Written for the Minority Rules challenge. 10 drabbles/stories on 10 minor characters in Harry Potter. Reviews very much appreciated.

To the wicked and the forgotten.

- Li


The Man on the Moon

I am ten years, eleven months and twenty-eight days old today. Just a tiny child.

Tomorrow, I will be eleven years old exactly. Wise. Mature. Old enough to go to Hogwarts, get a job, buy Grandma a cottage by the sea, marry, have kids, become the greatest Headmaster Hogwarts – no, the world – has even seen. Grandma says that, with my brains, I will go places. She's wrong. I will fly.

But for now, I am still ten. A piece of nothing in the night. One more night. Tomorrow morning, I will be reborn like the phoenix from its ashes. Something new and wonderful. Not really me, but still myself. When the sky shatters, I will put the shards together again, as Grandma fixed the china vase in the hall with a wave of her wand. Invincible.

The clock on the wall ticks by slowly. Only an hour left. I can't sleep. The full moon streams in through a crack in the curtains. I get up and pull them all the way open. The moon is larger than I imagined. It blocks out the stars, even the flickering lamppost at the end of the street. I can see the Man on the Moon smiling at me. He's giving me an early congratulation. A good omen.

A cricket chirps in the dark. Rare for late winter. Another omen. Should I sit quietly and listen to its music, or venture outside to cup him in my hands, like water from the faucet, running to an infinite stop? I ponder for a moment and choose the latter. A birthday present to myself. Perhaps Grandma will charm it to sing me to sleep.

I open my window and crawl out into the night. I forget to take a jacket, but it doesn't matter. Cricket catching is my expertise. I'll be back before tomorrow, safe and sound in bed. Grandma will never know what happened. The breeze is cool, but not cold. Spring is in the air. Soon Grandma and I will rummage out the rake and hoe and get to work on the garden. She has promised me my own patch this year, to do what I like. Anything at all.

The cricket chirps again. I abandon my visionary garden for the real one. The cricket's near. I search all around the house but find nothing. Outside the gate then. Lifting the latch quietly, so as not to waken Grandma, I step across the boundary between my world and theirs. It's dark, but the moon lights a path for me. Straight to the cricket, singing his heart out on the other side of the asphalt road. I run over without checking for cars. It's too late. No one is out at this hour.

And then from nowhere, it hits me. A heavy mass of fur that blocks out the moon. It's dark and sweaty and smells like pain. There are claws extending, teeth snapping. I fight back. It overpowers me easily. Skin breaks and I smell metallic blood. My blood. I scream and it screams back. Something burns past the skin into my veins, my muscles, my bones. There is cracking and growling and more screaming. I am burning alive.

Lights snap on as the neighbours wake. Curtains open. People point and gesture, don't move. Can they see me under it, gasping for breath? I try to choke out a cry for help, but nothing comes out except more shrieking and howling. My voice has abandoned me. No one is coming to help, not even Grandma clutching her dressing gown in the living room. The cricket has long fled. I will die alone, under a thousand eyes.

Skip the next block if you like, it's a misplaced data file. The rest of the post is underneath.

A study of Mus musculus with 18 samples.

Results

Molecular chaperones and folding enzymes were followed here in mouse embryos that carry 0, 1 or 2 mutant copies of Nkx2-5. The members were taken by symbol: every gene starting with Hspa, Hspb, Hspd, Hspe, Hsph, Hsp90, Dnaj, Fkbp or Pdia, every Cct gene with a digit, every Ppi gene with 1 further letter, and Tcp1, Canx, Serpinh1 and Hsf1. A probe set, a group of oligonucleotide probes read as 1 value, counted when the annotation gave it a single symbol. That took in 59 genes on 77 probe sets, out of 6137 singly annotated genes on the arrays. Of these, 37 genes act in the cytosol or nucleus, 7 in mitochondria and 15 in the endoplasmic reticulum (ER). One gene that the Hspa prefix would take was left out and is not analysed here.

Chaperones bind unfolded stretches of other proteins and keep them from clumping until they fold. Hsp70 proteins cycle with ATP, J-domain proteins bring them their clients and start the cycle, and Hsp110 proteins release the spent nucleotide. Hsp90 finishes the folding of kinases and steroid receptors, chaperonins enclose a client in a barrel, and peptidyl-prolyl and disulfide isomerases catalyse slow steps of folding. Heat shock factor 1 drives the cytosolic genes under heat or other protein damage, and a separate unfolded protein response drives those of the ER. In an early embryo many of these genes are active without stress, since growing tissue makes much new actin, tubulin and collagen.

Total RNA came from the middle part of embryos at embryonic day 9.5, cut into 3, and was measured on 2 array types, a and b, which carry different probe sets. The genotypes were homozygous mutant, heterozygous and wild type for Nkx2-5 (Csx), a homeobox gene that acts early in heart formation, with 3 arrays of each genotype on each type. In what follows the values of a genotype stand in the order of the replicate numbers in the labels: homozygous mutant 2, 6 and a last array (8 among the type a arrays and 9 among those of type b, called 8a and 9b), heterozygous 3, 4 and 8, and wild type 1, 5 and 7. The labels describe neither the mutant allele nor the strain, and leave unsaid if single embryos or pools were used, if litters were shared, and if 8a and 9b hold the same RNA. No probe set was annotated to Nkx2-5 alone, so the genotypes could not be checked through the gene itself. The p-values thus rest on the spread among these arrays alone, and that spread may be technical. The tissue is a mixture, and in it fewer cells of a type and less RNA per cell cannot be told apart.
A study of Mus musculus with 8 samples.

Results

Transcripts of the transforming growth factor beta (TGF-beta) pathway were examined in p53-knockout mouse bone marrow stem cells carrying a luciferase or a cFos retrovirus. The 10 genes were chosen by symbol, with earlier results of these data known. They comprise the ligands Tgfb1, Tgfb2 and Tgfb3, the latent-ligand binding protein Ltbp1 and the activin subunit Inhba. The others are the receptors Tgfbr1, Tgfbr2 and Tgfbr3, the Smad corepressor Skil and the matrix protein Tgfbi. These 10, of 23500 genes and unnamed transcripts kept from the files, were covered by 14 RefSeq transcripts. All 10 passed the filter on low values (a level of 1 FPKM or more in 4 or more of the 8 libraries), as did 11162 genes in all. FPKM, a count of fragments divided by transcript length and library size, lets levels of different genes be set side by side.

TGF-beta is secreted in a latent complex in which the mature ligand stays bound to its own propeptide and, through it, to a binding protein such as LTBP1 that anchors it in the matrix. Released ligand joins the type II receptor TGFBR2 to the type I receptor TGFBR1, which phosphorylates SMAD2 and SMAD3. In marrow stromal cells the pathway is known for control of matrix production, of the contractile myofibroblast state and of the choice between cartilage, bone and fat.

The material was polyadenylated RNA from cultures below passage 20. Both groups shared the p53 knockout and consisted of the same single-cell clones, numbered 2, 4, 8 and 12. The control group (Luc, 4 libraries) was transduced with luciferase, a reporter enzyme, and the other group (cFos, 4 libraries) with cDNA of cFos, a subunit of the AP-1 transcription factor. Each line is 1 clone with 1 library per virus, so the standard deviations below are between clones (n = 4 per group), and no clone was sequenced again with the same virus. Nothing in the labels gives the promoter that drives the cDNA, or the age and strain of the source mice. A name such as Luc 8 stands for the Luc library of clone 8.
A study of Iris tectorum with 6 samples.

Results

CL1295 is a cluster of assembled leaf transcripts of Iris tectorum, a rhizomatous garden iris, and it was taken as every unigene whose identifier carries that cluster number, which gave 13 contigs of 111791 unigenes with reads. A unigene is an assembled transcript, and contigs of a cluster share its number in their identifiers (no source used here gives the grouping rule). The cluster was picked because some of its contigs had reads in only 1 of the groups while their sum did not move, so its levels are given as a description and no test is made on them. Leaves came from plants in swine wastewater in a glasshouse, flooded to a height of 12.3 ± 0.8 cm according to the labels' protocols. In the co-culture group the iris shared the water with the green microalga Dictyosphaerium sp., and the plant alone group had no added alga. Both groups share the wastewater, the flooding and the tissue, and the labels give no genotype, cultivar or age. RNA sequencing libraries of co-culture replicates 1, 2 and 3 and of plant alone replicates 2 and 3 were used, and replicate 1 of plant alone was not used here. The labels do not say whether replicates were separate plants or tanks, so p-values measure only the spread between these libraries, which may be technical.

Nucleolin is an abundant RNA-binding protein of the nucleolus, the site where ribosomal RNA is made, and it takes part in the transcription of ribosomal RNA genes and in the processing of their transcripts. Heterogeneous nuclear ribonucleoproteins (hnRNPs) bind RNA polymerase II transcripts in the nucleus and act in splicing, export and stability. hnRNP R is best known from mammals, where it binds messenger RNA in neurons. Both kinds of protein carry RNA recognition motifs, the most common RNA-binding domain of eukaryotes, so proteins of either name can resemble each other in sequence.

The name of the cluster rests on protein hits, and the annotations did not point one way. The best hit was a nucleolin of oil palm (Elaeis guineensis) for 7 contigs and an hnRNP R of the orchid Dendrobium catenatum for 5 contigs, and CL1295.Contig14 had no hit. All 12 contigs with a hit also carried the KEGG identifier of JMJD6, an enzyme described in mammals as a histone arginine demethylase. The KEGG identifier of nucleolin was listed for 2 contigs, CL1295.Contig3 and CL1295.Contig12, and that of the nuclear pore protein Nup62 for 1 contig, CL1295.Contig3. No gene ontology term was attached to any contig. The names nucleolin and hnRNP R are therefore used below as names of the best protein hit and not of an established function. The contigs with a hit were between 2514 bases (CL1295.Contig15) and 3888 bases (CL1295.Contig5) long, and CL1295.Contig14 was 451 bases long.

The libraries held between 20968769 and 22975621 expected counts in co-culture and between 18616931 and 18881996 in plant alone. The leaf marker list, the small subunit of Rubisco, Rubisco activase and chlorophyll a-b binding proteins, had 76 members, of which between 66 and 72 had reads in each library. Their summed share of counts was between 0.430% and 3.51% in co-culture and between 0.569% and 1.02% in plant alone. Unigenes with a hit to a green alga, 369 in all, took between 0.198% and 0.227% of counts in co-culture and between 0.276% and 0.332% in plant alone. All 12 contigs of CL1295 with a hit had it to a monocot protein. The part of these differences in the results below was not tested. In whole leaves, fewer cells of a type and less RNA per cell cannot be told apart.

The pile of fur grabs a chunk of my arm with its teeth and drags me off the street. No one runs out to save me, waving a wand, a gun, a broken chair leg. Nothing but words streaming out of gaping mouths. And then even that disappears. I am dragged past the last house and into the bushes. Through the mud and snow until there is only numbness and shallow breaths. The fire has gone, replaced by a dull ache. My body feels like it's been distorted beyond repair. Not just bruises and scratches and bites but bones and heart and soul. Even my brain feels gone. I want to pass out and forget, but I don't remember what to forget. There is a strange hollow sensation in my stomach, like I haven't eaten for months. This is absurd. I just ate…

But when? What? How? Look, there is the squirrel coming from its den. Smell, there is the bear still in hibernation. Listen, there is the owl hooting softly. What to choose, what to choose. My head wants to explode. I fade.

When I wake up, it's morning. I don't know where I am. My clothes are gone. I am naked in the cold, curled up beside a pile of dead leaves. There is a disgusting taste in my mouth. I puke. Fur and feathers come out, coupled with the occasional bone. What have I been doing?

The night comes back. Moon, cricket, hurt. Grandma watching silently. Teeth and blood. The distortion, the melding of bones, the forgetting. The sick feeling in the pit of your stomach when you realize your life is a lie. No one loves you. No one needs you. No one wants you. Not even the Man on the Moon can save you from the downward spiral. Dreams are the things that nightmares are made of. They twist and they turn and you think your close but you get further and further until you don't remember what you're running to or what you'll do when you get there. The clock keeps ticking, too fast and too slow, never stopping, counting down the minutes, the seconds, the infinitesimal moments of childhood.

I am eleven years old today. Exactly. Not a boy anymore. A monster. Broken winged. Grounded. I am going nowhere.

When the sky shatters, who will piece it together?